Friday, October 30, 2009


From abducted child to UN speaker: By Dr. Ian Clarke: New Vision

CHARLOTTE has become a valued member of our family over the past five years, while she has been going through school. Her mother, Angelina Atiam, is well-known as the chairperson of Concerned Parents Association and champion of the campaign for the release of the Aboke Girls by the LRA.

It was only this year that the final girl came home, after 12 long years in captivity. Charlotte was held by the LRA for eight years, during which time she was horribly beaten and also bore two children. She escaped five years ago and since then has attended secondary school in Kampala and is now a student at International Health Science University.

During her captivity, she was continually under guard and endured beatings, sexual abuse and hard labour. She was also shot at, survived Operation Iron Fist and tracked through the bush for months, but despite all this, she did not become a bitter or twisted person and is one of the most balanced people I know. She is loving, kind and unselfish; she is humble and has a remarkable degree of wisdom and insight for a person still in her mid twenties.

During the long break between A levels and university, I asked her to work in Pader Health Centre as an administrator and she demonstrated her ability to get alongside people and bring the best out in them – perhaps because of her humility, but also because she has an unerring sense of what is the right thing to do.

Because of her experience of being abducted, she received an invitation a few weeks ago to speak at the United Nations in New York, at a conference on human trafficking. She first had to get a passport and there was also an interesting moment when we thought she would not get a visa, because there was some confusion over the list and she was turned away by the guards at the American Embassy. They told her she could not wait around because they said she was a security risk! Fortunately, the mistake was rectified and a visa was issued, so she travelled with her mother to New York this week. She contacted us after she arrived, saying that the journey had been fine and she was staying in a hotel in Manhattan, beside the UN.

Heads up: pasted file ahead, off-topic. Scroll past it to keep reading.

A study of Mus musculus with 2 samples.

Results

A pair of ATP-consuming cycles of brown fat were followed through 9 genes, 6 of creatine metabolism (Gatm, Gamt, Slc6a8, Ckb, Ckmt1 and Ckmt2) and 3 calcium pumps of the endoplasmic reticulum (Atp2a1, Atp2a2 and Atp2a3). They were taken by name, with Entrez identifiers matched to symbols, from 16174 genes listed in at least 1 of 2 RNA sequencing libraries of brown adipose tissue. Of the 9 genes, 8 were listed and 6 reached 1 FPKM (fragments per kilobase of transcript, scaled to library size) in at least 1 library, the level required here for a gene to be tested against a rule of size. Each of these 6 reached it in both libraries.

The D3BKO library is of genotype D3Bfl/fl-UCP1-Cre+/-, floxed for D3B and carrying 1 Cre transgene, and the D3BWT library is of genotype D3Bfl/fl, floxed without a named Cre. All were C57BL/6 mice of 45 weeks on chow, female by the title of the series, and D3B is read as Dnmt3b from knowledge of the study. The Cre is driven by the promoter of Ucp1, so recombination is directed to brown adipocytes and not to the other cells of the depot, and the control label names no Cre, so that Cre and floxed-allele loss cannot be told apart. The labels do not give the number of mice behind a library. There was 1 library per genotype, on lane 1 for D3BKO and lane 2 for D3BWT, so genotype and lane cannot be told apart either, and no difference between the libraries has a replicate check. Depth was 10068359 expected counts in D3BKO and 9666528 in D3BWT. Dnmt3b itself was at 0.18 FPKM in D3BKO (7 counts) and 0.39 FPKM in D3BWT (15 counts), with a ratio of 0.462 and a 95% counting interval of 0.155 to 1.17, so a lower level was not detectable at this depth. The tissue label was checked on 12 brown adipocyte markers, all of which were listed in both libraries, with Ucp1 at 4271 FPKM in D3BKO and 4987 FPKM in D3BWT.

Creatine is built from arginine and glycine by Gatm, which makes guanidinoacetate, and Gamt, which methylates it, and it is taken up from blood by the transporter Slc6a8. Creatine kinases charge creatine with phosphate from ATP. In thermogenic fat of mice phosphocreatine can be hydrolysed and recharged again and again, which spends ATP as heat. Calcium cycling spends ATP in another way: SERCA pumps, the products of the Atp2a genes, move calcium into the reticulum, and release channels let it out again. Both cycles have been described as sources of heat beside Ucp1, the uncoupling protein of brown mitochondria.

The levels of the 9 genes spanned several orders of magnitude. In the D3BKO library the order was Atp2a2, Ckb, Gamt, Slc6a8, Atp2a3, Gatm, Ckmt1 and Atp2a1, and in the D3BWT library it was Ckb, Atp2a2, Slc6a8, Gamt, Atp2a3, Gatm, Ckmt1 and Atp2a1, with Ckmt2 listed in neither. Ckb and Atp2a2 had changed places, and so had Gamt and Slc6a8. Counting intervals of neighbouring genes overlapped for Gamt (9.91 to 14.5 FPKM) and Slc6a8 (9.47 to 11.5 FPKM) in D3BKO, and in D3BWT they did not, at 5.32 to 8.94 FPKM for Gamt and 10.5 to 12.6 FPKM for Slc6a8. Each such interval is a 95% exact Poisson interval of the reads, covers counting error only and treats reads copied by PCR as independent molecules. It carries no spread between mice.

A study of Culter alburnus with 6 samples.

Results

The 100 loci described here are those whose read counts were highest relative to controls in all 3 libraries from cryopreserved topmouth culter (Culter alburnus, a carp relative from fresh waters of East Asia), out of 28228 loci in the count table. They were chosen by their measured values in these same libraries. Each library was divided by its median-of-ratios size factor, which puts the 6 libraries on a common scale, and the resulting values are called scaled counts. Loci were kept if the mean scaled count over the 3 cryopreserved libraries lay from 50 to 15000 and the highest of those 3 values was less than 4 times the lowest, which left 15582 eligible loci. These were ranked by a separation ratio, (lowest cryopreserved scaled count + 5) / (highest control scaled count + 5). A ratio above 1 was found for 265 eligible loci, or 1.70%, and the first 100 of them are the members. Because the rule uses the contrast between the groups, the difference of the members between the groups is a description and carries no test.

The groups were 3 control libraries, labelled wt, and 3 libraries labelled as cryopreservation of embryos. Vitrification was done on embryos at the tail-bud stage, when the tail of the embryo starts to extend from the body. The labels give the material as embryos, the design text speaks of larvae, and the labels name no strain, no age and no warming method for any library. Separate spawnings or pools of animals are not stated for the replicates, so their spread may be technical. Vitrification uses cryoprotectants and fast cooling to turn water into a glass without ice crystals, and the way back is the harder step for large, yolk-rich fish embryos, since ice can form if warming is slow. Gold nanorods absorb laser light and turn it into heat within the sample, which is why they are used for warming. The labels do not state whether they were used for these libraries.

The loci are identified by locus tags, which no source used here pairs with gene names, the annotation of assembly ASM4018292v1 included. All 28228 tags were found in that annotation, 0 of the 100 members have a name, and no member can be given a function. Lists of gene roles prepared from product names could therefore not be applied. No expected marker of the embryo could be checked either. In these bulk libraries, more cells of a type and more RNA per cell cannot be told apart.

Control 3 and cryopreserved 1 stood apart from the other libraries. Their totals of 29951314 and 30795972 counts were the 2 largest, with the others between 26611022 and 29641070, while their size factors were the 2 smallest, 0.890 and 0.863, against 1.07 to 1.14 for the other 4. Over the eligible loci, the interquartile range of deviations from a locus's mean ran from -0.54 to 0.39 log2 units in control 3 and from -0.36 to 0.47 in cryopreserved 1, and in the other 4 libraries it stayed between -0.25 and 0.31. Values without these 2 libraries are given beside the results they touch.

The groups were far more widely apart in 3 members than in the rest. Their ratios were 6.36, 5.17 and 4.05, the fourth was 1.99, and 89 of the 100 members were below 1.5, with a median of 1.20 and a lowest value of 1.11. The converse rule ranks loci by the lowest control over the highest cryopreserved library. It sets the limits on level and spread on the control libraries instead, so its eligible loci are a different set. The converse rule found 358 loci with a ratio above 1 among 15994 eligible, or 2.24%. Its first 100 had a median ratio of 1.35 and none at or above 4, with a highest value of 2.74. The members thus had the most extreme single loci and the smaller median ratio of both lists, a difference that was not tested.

When the organisers went through the programme with her, she was surprised to find that she was the speaker after Ban Ki-Moon and while he had been given four minutes, she was to speak for eight minutes.

We had heard her speech before she left and found it very moving – as she described without emotion, how she had been taken, some of her experiences in captivity and how she escaped.

What is so poignant when Charlotte speaks is the matter-of-fact way she describes her ordeal. If one does not really engage with Charlotte, one will take her as just another young Ugandan girl, but when she speaks in her quiet manner and looks directly into your eyes, then you see her inner strength of character. You see a deep person and appreciate her strength and purity of spirit. She was 14 when she was abducted, but nothing which happened to her has blemished her.

When I am with Charlotte I see, not only her outward beauty, but the inner beauty of someone who is meek and strong at the same time. I would love to have heard her speak at the UN, but I am sure as I write this, that she had a tremendous impact, just because of who she is.

Some people go through difficult experiences and become traumatised or broken. For others, such experiences make them stronger; this young girl is one such person.